Review of “We are Women: A Bernstein Cabaret,” at the Colonial Theatre
By Gail Burns and Larry Murray
Larry Murray: There was as much to like about the Bernstein Cabaret as there was to regret. First, it really wasn’t a cabaret in the traditional sense, with highly personal and stylized singing by theatre people; instead it had all the annoying high art style of a concert with pop overtones. The music was an oddly chosen medley of Leonard Bernstein’s life work, what I called Bernstein’s greatest hits and unknown masterpieces.Gail Burns: For Bernstein geeks or musical theatre nerds like us the song selection was eclectic and often exciting, but I felt that the widely known numbers – all from “West Side Story” – were a little too shop-worn and some of the more obscure numbers should have stayed that way.
This evening was conceived by Leonard Bernstein’s oldest child, Jamie Bernstein and Michael Barrett, head of the Caramoor Center for Music and the Arts, who acts here as pianist and musical director. Jamie Bernstein narrated the proceedings in an oddly stilted way. The evening was entitled “We Are Women: A Bernstein Cabaret” but as a woman I was disappointed in the very patriarchal and traditional way in which she presented women in the narrative. The songs alone would have painted a much softer and more realistic picture.
Larry: It seemed there was a lot of trouble in Tahiti. Somehow the innovative,complex work of the creator of “West Side Story” (based on “Romeo and Juiet”) and “Candide” (based on Voltaire) came out as a bland, homogenized celebration of suburbia and its attendant mediocrity. Most of the theatrical devices were repetitive. One more scene with a woman throwing ersatz flour around in the kitchen and I might have lost it. Bernstein was a complex, controversial and worldly person, and I doubt that would be how he would celebrate women on stage. He had better dramatic sense.
Gail: Almost all of the first half consisted of huge chunks of “Trouble in Tahiti” Bernstein’s seldom-performed 1951 opus billed as “an opera in seven scenes.” (His 1983 opera, “A Quiet Place,” incorporates “Trouble in Tahiti” as an extended flashback.) The mezzo-soprano, Elizabeth Shammash has recorded the leading role of Dinah so she was featured heavily, and she is very good. I happen to be very familiar with the piece and so was delighted to hear so much of it, but a woman next to me turned to me at intermission and asked eagerly if I thought Sam and Dinah would split up or get back together in the second half of the evening. I had to tell her, sadly, that this wasn’t actually a performance of “Trouble in Tahiti” and that she would not find out. Only one song from that work was featured in the second half, and it was taken quite out of context.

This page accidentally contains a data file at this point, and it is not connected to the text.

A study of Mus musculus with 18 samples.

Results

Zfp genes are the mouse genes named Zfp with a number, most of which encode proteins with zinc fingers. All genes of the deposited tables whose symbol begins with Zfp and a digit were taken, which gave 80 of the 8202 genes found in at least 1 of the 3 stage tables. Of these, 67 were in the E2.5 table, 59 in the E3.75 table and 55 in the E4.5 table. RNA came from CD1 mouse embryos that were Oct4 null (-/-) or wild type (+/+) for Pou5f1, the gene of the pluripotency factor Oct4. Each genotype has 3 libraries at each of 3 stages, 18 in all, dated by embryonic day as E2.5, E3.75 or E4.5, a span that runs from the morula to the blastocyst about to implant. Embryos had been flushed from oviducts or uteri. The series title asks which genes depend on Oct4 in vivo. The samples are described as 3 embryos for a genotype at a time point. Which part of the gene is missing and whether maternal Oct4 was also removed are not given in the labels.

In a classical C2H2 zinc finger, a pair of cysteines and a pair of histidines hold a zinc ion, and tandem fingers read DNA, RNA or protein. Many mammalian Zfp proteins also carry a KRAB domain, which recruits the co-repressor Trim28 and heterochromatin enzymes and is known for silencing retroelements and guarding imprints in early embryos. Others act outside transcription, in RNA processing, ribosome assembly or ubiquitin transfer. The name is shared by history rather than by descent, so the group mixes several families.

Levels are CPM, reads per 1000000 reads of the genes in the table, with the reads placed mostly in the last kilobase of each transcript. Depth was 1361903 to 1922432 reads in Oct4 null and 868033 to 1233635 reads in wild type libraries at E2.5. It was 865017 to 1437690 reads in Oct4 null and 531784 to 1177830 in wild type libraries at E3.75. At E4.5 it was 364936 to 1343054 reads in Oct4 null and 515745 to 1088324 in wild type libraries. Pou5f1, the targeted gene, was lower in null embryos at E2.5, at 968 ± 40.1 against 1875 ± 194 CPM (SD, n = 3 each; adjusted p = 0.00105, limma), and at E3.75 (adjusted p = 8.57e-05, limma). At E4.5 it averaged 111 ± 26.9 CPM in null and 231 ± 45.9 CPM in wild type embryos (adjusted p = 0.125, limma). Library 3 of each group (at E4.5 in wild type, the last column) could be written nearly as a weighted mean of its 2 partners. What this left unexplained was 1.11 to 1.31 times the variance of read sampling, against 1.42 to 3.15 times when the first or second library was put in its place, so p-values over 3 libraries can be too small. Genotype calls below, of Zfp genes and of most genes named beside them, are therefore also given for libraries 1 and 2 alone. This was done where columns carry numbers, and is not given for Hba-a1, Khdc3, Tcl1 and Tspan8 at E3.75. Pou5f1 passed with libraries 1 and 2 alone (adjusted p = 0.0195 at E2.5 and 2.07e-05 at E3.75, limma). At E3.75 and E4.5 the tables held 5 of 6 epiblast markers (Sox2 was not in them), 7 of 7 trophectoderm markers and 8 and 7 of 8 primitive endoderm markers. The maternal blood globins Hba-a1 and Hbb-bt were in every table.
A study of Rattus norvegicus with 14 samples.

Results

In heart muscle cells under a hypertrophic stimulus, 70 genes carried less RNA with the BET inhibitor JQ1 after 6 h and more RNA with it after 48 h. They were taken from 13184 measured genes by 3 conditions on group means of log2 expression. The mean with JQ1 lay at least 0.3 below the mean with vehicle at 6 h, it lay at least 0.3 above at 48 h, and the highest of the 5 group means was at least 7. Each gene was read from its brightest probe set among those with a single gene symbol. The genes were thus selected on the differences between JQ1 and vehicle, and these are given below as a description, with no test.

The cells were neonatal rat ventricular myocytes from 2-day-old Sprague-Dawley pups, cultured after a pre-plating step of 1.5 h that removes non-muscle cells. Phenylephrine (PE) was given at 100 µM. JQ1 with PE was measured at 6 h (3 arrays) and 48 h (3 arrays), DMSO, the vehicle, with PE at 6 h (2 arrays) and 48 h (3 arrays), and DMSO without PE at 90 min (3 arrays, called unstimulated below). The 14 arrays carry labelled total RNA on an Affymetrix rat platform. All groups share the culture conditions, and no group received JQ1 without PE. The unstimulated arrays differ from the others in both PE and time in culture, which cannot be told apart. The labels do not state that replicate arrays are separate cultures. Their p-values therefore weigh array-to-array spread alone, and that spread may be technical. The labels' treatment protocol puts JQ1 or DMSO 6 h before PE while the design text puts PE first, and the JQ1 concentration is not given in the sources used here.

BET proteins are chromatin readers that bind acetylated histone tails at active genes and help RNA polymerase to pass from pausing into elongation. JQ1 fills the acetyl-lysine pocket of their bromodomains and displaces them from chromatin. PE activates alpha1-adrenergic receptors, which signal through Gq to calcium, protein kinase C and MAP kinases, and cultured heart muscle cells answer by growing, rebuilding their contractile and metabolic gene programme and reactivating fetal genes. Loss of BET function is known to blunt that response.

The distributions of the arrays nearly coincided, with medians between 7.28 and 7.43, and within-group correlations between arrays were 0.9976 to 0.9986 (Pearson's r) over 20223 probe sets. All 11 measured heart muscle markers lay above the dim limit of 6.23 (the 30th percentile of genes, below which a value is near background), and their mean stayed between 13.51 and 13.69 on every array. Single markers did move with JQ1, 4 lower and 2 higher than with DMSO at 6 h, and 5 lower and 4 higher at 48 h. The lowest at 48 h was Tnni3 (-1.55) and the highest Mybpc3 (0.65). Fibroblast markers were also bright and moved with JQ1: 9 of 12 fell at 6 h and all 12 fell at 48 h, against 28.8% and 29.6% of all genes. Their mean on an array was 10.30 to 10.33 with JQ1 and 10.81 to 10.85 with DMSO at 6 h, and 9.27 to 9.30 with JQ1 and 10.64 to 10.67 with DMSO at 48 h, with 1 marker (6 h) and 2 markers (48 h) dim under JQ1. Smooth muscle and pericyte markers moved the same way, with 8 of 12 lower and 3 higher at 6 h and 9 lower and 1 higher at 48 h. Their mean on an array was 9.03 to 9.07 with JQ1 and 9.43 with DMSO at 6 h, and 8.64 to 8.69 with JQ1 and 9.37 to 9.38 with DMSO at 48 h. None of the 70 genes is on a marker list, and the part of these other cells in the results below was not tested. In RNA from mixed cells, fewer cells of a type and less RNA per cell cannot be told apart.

I would have really enjoyed seeing a production of “Trouble in Tahiti.” Luckily the Hubbard Hall Opera Theatre Conservatory students are performing it in its entirety on August 17 & 18 at 8 pm, along with Sullivan and Burand’s “Cox and Box.” (Details)
Larry: Did you ever see singers who lugged furniture pieces on stage before they sang? They tried to set the scene, but wasn’t that just goofy…and dangerous?
Gail: It was. And I am pretty sure it is against the rules of some Union or other, but The Colonial is not a Union house. If the actors did have to move the furniture, couldn’t they have moved it during Jamie Bernstein’s narration instead of doing so afterwards while we all watched and waited? And at one point they brought out a cardboard box full of props…a cardboard box! Of course that’s what you keep them in backstage, but a classier conveyance should have been used to bring them on.
Larry: Who do you think this musical evening will appeal to? Who should likely stay away?
Gail: As I said, people who already know a lot about Bernstein and his music will find it a treat to hear many of his seldom-performed works. I was delighted to be introduced to La Bonne Cuisine: Four Recipes for Voice and Piano, (1948), and to hear a number from his 1950 musical version of “Peter Pan” and so much of Trouble in Tahiti. But if you go expecting Leonard Bernstein’s greatest hits you will be sorely disappointed. There is only one song each from “Wonderful Town,” “Candide”, and “On the Town,” and nothing from “Mass,” or his obscure 1976 Broadway musical “1600 Pennsylvania Avenue.” Also, there is a heavy emphasis on his atonal and conversational work, which isn’t everyone’s cup of tea.
Larry: This program continues August 10-12 on Friday and Saturday at 8:00 and Sunday at 2:00 at the Colonial Theatre on South Street in Pittsfield. It runs about One hour twenty minutes including one intermission. www.berkshiretheatregroup.org Box Office – (413) 997-4444.